Wet Fields in the Southeast

Wet Fields in the Southeast

Maura Bennett
Maura Bennett

For much of the southeast, too much moisture has caused delays this season and created perfect conditions for crop fungus.

Pam Knox, Agricultural Climatologist with the University of Georgia updated conditions on a recent Southeast climate webinar.

KNOX: “The farmers can’t get into their fields so they’re way behind on putting out fertilizers and fungicides and other agricultural chemicals and the result of that is that they start to lose their good quality of leaves so the yield goes down on a lot of those crops.”

Knox says conditions have been wet enough that fungal diseases have become an issue and many farmers are using aerial spraying applications.

Cool conditions have slowed the development of crops a little bit and Knox says it has also reduced evapotranspiration helping to keep soils wet and increased flooding risk.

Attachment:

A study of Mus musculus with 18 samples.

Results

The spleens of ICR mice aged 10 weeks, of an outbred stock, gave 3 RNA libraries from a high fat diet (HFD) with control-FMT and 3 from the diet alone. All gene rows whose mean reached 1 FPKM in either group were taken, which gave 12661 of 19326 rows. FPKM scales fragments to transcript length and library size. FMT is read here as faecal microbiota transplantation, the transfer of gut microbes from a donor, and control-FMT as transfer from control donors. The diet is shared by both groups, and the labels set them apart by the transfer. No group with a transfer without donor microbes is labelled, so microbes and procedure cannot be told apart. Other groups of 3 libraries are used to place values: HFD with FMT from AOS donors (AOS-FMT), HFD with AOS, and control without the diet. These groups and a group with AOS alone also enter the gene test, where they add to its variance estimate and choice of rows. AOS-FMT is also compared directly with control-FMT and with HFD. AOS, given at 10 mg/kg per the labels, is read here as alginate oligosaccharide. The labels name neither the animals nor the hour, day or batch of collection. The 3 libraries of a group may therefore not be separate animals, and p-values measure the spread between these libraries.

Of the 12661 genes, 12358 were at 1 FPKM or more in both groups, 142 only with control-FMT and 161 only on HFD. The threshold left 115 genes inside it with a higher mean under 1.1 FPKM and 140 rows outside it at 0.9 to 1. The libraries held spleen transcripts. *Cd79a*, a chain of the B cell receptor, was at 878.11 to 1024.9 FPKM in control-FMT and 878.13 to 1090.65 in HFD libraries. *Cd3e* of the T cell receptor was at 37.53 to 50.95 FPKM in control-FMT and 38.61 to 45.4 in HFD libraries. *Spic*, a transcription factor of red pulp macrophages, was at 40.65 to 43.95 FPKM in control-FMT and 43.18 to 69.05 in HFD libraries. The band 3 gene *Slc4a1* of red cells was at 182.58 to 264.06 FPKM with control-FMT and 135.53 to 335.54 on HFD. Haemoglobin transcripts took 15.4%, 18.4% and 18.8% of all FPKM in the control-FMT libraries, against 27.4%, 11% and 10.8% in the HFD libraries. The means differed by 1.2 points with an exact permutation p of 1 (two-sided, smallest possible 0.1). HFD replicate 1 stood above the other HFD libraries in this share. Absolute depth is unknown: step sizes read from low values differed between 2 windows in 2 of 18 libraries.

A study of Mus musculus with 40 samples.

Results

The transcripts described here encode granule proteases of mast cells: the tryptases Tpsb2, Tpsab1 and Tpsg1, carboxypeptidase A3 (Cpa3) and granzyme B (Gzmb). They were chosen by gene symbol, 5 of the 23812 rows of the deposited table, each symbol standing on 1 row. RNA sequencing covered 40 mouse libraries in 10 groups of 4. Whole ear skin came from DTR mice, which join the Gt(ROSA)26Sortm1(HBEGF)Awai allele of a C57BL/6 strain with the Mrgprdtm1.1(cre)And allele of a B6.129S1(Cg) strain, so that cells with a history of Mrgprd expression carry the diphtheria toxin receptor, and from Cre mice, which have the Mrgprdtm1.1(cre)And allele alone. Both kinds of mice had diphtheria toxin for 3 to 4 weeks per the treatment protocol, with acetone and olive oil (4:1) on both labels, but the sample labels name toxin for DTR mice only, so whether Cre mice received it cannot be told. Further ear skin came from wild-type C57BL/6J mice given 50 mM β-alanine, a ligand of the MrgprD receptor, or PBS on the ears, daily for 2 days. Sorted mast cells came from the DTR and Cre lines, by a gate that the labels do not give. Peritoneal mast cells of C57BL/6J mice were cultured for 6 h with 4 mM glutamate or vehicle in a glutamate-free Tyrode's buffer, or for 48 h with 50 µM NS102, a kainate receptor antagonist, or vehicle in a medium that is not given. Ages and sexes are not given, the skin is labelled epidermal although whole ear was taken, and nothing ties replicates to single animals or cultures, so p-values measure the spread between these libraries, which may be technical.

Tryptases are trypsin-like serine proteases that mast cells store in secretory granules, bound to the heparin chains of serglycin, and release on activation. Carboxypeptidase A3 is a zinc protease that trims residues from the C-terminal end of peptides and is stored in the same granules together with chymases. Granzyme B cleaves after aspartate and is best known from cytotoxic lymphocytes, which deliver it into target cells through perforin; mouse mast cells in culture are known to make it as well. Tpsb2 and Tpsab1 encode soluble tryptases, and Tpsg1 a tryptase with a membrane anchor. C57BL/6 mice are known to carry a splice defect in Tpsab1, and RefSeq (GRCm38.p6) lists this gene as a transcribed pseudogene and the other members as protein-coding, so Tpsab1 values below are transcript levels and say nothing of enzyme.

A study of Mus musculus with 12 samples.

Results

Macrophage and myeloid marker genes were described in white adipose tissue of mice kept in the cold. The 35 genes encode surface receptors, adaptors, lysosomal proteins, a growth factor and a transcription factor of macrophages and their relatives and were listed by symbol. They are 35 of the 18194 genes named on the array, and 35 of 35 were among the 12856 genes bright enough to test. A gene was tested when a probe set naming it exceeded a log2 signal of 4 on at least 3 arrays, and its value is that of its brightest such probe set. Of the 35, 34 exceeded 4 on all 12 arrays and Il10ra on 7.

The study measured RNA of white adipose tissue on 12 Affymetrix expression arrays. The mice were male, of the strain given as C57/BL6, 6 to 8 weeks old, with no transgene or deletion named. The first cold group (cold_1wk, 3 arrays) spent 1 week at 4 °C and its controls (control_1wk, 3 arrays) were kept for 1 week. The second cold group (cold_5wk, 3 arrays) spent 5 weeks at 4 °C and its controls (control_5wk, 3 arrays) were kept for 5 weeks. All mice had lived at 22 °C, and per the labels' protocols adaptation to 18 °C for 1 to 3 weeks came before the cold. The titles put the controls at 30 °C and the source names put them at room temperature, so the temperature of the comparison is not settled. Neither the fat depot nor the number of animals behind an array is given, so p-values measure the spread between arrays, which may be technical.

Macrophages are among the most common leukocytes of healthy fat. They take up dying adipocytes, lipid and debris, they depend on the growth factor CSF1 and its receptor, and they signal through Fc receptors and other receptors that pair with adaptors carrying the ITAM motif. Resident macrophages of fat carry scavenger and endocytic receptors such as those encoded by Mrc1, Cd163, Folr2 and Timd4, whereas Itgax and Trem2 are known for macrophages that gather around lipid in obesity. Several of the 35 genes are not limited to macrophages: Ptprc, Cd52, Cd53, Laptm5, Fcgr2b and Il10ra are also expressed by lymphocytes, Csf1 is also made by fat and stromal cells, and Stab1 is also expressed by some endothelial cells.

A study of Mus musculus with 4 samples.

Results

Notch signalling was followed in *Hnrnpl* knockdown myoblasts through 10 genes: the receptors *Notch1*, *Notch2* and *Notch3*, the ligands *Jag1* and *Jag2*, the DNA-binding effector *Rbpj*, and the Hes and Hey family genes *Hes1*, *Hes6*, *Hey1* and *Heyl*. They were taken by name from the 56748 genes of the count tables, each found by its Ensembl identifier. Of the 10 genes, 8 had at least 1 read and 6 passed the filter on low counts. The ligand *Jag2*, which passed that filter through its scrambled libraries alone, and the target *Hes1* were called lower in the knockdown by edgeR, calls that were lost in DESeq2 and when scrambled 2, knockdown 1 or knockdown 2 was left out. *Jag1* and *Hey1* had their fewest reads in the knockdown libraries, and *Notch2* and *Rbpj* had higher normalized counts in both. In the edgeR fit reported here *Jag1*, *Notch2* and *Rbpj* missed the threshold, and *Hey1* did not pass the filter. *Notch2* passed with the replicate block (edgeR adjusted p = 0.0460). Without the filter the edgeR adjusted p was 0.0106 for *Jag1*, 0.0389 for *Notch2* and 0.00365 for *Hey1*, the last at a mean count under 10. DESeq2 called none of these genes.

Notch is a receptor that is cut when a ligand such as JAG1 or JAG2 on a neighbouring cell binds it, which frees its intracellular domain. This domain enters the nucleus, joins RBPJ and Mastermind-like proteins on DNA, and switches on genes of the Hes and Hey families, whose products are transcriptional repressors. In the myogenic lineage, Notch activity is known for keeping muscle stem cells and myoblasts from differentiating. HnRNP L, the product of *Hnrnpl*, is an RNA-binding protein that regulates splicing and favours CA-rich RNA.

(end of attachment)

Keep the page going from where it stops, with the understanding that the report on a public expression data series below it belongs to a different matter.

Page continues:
While some areas had some drying, the storm season is at its high point.

KNOX: “After Fred, there’s another wave that just came off the coast of Africa and we don’t really know what’s going to happen with that one yet. But it’s that time of year and we’re just really approaching the peak and we can expect to see a lot more activity. Wet conditions will continue to occur. It’s not going to be every day. But it does mean you don’t get any long dry spells to get in and dry the ground.”

The upside is that dryland farmers have not had to use much irrigation and forage has caught up quite a bit.

Knox says the La Nina climate conditions should begin to play a role as the fall approaches. La Nina patterns typically bring warmer and dryer conditions to the southeast.